Before moving on to Bramshott the unit was billeted at Twezeldown for about two weeks. In the few days spent at Twezeldown they enjoyed the relative comfort of huts; this would not be normal “camp-life.” At Bramshott they would be living in tents. The Dairy of the Eleventh records this time;
The camp at Twezeldown proved to be an excellent one in every respect … Friendships between the Imperial medical men and those from across the water were struck up almost at once. The former, some of whom had already taken part in the eastern campaign, gave entertaining accounts of their experiences at Salonika[October 1915] and the Dardanelles [March 1915].
At Twezeldown regular training was at once imposed, but on looking back, the training seems incidental when compared with visits to surrounding towns such as Farnham and Aldershot, not to mention the village of Fleet itself where the more amorous quickly acquired sweethearts to be taken out on the canal. During the weekend spent here some of the boys whose homes were near were lucky enough to secure leave. A hut of less fortunate ones was isolated and C. B.’d for measles.
(Diary of the Eleventh, 14-15)
James was one of those “lucky enough to secure leave.” Not every pass applied for, however, was granted. On 3rd of June James wrote “I applied for a pass until Monday noon but did not get it.” He wrote;
Today we started camp life in earnest and for my part I like it. All the boys think the scenery round here is grand. I certainly is pretty.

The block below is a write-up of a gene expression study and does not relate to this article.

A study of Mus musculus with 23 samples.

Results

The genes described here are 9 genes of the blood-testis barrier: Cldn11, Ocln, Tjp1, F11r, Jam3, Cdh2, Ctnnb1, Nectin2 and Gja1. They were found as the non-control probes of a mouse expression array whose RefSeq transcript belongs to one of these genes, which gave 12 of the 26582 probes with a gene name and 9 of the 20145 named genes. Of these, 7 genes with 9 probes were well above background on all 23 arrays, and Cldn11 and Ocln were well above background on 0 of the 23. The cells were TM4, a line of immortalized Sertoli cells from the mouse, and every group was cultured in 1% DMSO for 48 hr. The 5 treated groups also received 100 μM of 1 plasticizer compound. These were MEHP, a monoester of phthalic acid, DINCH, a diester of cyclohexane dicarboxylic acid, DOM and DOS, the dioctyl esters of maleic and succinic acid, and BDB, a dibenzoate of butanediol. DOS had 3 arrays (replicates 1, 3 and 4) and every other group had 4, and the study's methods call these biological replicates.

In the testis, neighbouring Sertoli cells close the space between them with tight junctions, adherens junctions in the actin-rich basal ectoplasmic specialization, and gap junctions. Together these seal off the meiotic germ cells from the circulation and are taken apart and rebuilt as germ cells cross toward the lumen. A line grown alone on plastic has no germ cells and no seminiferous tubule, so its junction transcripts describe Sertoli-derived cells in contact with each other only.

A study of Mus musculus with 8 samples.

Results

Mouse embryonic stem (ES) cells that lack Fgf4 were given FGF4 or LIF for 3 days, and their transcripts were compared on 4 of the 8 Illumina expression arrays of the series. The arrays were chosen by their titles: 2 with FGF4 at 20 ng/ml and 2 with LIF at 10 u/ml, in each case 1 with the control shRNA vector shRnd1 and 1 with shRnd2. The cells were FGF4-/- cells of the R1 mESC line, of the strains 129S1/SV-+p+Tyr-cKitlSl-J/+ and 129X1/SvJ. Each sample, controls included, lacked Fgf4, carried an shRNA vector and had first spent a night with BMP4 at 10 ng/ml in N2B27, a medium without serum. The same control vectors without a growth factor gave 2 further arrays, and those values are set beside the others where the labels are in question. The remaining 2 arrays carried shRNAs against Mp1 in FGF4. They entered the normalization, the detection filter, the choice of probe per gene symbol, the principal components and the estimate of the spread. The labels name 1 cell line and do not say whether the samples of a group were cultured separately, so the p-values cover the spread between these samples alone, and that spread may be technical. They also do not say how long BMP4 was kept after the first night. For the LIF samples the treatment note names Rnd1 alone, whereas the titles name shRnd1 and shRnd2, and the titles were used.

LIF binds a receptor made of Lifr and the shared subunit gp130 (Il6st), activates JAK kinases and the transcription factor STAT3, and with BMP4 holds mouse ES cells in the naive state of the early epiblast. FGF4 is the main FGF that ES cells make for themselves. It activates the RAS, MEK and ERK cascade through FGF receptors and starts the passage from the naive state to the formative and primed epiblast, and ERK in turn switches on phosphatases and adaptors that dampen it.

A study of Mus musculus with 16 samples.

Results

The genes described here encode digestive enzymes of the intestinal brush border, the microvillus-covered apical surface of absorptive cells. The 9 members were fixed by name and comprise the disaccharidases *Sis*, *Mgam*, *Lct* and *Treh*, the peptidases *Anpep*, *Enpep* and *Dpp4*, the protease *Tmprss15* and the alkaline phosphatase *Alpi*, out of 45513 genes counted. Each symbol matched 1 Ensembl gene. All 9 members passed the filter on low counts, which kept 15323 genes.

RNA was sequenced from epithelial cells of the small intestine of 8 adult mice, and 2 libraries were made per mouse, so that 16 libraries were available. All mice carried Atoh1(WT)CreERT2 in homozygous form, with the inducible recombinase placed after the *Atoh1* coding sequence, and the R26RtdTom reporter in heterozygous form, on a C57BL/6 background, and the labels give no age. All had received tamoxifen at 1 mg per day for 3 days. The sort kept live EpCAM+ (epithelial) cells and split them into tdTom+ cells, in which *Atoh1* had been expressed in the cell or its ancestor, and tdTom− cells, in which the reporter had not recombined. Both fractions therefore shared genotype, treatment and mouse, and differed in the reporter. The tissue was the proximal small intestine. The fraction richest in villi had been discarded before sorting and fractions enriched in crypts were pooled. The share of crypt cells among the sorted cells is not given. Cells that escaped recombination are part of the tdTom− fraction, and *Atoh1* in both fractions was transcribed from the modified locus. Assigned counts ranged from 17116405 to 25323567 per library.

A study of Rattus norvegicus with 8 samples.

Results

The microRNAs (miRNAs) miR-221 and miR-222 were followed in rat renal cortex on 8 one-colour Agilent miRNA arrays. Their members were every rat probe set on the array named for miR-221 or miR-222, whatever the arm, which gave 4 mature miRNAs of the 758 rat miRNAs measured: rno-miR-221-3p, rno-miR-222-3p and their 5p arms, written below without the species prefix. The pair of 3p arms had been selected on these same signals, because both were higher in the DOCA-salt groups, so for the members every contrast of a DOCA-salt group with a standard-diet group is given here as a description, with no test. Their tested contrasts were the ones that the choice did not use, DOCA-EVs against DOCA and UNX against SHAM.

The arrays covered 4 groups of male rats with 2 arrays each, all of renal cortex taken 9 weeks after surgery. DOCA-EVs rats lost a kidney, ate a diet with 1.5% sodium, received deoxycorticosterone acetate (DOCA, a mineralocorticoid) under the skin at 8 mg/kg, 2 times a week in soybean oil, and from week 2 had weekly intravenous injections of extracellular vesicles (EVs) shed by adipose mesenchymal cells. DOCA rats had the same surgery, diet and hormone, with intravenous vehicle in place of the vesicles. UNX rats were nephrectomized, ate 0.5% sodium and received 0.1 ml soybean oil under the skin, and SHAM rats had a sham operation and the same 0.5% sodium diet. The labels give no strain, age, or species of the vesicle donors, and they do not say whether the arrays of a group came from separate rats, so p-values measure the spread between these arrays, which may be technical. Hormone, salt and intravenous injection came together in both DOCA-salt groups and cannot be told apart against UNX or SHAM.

Noble and I walked to Hale. I was trying to find some relations of Mr. Stockdale of fedora. I didn’t find them but made other friends and we received an invitation out to tea for Sunday next.
The routine for the next week and a half is quite busy, although not without it’s leisure. On Thursday 1st June James wrote;
We have reveille at 5.30 then hot tea is served while we are in our huts. At 6.15 there is roll call. Then we have physical exercise etc. at 7.30 breakfast. At 9am we have drill which lasts until 11.30 or 12 noon. At 12.30 dinner.
At 2.pm fall in for more drill and at 4 pm we are free.
After drill etc. Noble and I went for a row on the river and enjoyed ourselves for an hour.
Although the war for these men had not begun in earnest, there was the continual reminder of death. on June 28th James wrote “A military funeral is just passing by the camp. There have been three funerals today.” On 3rd June he wrote;
Today a fellow was struck by lightening and died shortly after. We sometimes think we are safe here and that danger lies on the battle front; but this instance emphasizes the uncertainty of life even here in England or elsewhere.